The UCSB Physics Department has outstanding resources for both experimental and theoretical research. Well-equipped laboratories in the Physics building are engaged in a broad range of research in the physics of soft and living matter, condensed matter physics (including graphene, quantum materials, and quantum information science), atomic and molecular physics (including quantum emulation, quantum sensing, and probes of physics beyond the standard model) and the development and construction of innovative detector technologies in astrophysics and particle physics. Numerous collaborative efforts within and beyond the department connect these and other areas.
The resources for theoretical physics are outstanding. The world-renowned Kavli Institute for Theoretical Physics (KITP) is located steps from the physics building. The Institute conducts research programs across a broad range of areas of astrophysics, condensed matter physics, fundamental particle physics, nuclear physics, the physics of soft and living matter, string theory, and gravity/relativity, inviting eminent physicists from around the world to participate in these programs for months at a time. All the KITP’s activities are open to Physics graduate students. Microsoft’s Station Q research center located in the California Nanosystem Institute (CNSI) leads a focused effort in the theory of topological phases and quantum computing. These centers provide unequalled opportunities for broad exposure to theoretical physics and its leading practitioners.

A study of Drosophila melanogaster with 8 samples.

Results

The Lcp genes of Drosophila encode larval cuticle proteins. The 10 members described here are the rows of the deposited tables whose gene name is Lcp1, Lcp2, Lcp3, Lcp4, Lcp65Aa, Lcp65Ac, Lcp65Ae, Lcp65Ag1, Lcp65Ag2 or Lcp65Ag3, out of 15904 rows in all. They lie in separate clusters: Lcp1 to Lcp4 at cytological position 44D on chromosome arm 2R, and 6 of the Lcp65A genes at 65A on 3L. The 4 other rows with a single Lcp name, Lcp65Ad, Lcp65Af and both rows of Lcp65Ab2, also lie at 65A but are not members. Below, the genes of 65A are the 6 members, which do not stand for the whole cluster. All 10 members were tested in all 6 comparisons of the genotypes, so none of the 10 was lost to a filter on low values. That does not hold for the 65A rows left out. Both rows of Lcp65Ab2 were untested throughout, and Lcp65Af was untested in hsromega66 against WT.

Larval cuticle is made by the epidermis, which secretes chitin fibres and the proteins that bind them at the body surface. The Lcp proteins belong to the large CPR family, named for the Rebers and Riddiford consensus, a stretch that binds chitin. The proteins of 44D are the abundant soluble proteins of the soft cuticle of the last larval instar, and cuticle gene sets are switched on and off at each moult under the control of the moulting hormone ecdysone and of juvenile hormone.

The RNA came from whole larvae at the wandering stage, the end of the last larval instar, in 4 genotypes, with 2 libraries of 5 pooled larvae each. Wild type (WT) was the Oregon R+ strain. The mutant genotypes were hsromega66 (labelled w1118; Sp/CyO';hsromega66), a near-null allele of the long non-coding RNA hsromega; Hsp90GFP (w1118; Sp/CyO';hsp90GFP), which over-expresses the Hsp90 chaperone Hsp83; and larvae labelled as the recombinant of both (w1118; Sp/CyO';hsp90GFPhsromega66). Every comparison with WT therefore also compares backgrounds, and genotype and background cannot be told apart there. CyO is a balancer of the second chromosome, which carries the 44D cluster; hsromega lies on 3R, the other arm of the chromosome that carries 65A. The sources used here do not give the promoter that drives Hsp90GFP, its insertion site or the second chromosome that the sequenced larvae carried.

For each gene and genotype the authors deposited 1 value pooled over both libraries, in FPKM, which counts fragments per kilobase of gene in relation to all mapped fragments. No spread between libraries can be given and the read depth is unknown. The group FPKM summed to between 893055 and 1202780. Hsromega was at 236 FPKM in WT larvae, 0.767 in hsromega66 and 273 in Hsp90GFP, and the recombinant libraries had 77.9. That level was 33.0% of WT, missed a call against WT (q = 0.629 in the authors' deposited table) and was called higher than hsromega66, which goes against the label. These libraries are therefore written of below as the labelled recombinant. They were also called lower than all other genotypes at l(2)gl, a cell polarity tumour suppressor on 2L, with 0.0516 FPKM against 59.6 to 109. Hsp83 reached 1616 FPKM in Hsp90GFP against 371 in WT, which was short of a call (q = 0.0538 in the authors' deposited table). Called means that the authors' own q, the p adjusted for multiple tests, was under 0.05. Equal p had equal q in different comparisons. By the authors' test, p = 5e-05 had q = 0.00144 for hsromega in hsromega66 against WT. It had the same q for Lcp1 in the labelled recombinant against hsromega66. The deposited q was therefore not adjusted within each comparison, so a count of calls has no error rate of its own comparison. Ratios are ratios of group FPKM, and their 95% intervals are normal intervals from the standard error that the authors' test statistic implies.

Unique collaborative facilities are a key ingredient of research excellence at UCSB. A high-power, tunable, far-infrared free-electron laser is the center of a broad research program in terahertz phenomena. The California Nanosystems Institute, the Materials Research Laboratory, and Microsoft's Station Q are key on-campus facilities with strong interactions with our graduate program and faculty. The California Institute for Quantum Entanglement promotes collaborative quantum science work with universities throughout California. Off-campus particle physics research is performed at CERN (Geneva), Fermilab (Chicago) and at the Sanford Underground Research Laboratory (South Dakota). Astrophysicists use the Keck telescopes in Hawaii, as well as a variety of other ground-based and space-based observing facilities. The Department has a strong association with the Las Cumbres Observatory Global Telescope Network, a worldwide network of telescopes that is now being constructed and is headquartered near the campus.
The Department offers graduate programs leading to a Ph.D. in physics and a Ph.D. in physics with an astrophysics emphasis. The key elements in the program are advanced graduate courses and research conducted by students under the close supervision of a faculty thesis advisor.